MHN 2016: How Boehringer Ingelheim's digital health strategy has evolved since 2011

By Jonah Comstock

"About four or five years ago, we started a group called 'business model and healthcare innovation'," he said. "The mandate of the team was essentially to look at how novel healthcare technologies can really have an impact on our core business. So we spent the first year really canvassing the landscape, understanding what was out there, signing a lot of deals, probably 20 or 25, and really trying to figure out the synergy between the digital health community and Boehringer as a pharmaceutical business."

While the first year was about broad discovery efforts, each year since then the company has narrowed its focus, he said.

"Year two and three was really about how we engaged strategic alignment, transitioning those projects that we started into core functions and transferring budget and budget management responsibilities to the different business units," he said. "And then in year four, which was last year, we started a US-focused team that was really charged with how we can redefine the products we bring to market so it’s no longer just a single pharmaceutical solution but it’s a broader healthcare solution where the pharmaceutical becomes a critical component, but just a component, and the focus has really been about driving scale."

Now that the company has a handle on some of these technologies, they've begun to approach new projects from a patient perspective, rather than first considering the needs of the business.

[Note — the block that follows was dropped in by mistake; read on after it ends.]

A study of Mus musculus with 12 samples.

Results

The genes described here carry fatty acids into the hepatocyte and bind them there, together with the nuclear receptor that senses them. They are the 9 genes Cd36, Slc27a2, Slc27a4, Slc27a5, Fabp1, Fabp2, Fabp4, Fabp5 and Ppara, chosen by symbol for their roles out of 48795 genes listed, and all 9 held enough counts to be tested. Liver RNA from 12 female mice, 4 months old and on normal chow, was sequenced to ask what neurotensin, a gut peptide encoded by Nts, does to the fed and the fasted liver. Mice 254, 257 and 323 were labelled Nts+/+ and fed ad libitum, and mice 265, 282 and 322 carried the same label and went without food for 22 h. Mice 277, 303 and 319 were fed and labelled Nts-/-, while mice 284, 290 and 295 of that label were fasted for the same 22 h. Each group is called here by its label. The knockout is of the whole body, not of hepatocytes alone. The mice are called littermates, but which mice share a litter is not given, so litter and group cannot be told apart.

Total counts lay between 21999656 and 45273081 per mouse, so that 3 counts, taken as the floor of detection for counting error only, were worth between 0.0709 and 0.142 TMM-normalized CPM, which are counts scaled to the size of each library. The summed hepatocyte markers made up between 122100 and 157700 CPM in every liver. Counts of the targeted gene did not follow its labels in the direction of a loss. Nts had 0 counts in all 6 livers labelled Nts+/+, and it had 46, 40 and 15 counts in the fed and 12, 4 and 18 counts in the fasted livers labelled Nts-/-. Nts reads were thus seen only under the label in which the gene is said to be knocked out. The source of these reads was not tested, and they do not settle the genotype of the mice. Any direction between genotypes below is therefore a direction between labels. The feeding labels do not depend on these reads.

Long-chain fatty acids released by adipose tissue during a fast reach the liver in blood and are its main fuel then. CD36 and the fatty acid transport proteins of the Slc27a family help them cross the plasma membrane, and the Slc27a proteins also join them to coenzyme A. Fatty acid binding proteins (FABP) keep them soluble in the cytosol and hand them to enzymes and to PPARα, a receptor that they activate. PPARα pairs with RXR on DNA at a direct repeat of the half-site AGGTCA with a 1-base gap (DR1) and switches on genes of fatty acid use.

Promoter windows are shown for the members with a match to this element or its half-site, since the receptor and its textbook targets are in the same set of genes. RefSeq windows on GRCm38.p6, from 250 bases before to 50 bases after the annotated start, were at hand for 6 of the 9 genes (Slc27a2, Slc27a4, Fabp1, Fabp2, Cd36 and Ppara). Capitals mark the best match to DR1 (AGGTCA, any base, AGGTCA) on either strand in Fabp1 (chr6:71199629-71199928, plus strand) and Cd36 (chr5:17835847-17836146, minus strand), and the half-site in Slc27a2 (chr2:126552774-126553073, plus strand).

"We take a systems view. So instead of looking for opportunities we find interesting, or even starting with an internal business need, recently we’ve really taken a patient — or, I should say, a person — focus," he said. "How do people really live their lives with chronic diseases? And then understanding from that the different needs that they have, developing solution concepts, and then increasing the degree of fidelity so we can ultimately test whether various solutions can have an impact on their life. I’ve been at Boehringer for 10 years and lived the digital health world within BI for the last five, and I’ve never been more excited. Because when you start talking to patients and understanding how they live their life and what their needs are, you get really excited by the opportunity we have before us."

But building toward the needs of the patients is not without challenges. One challenge that Chen and Brooks mentioned is the oft-maligned disconnect between the fast pace of the startup world and the slower, more cautious pace pharma tends to take. Another is the recognition that a patient focus will often mean your products aren't the only ones a patient is using.

"I have a hypothesis which is that in five to ten years, maybe more, maybe less, every therapeutic will come with a corresponding digital asset," Brooks said. "And I think the challenge that we’re going to have is that we all know that people have multple chronic diseases and multiple medications they’re managing. So I think we’re going to have to reconcile the dichotomy of every company developing their own solution and patients having multpile conditions. We’re going to have to solve for this."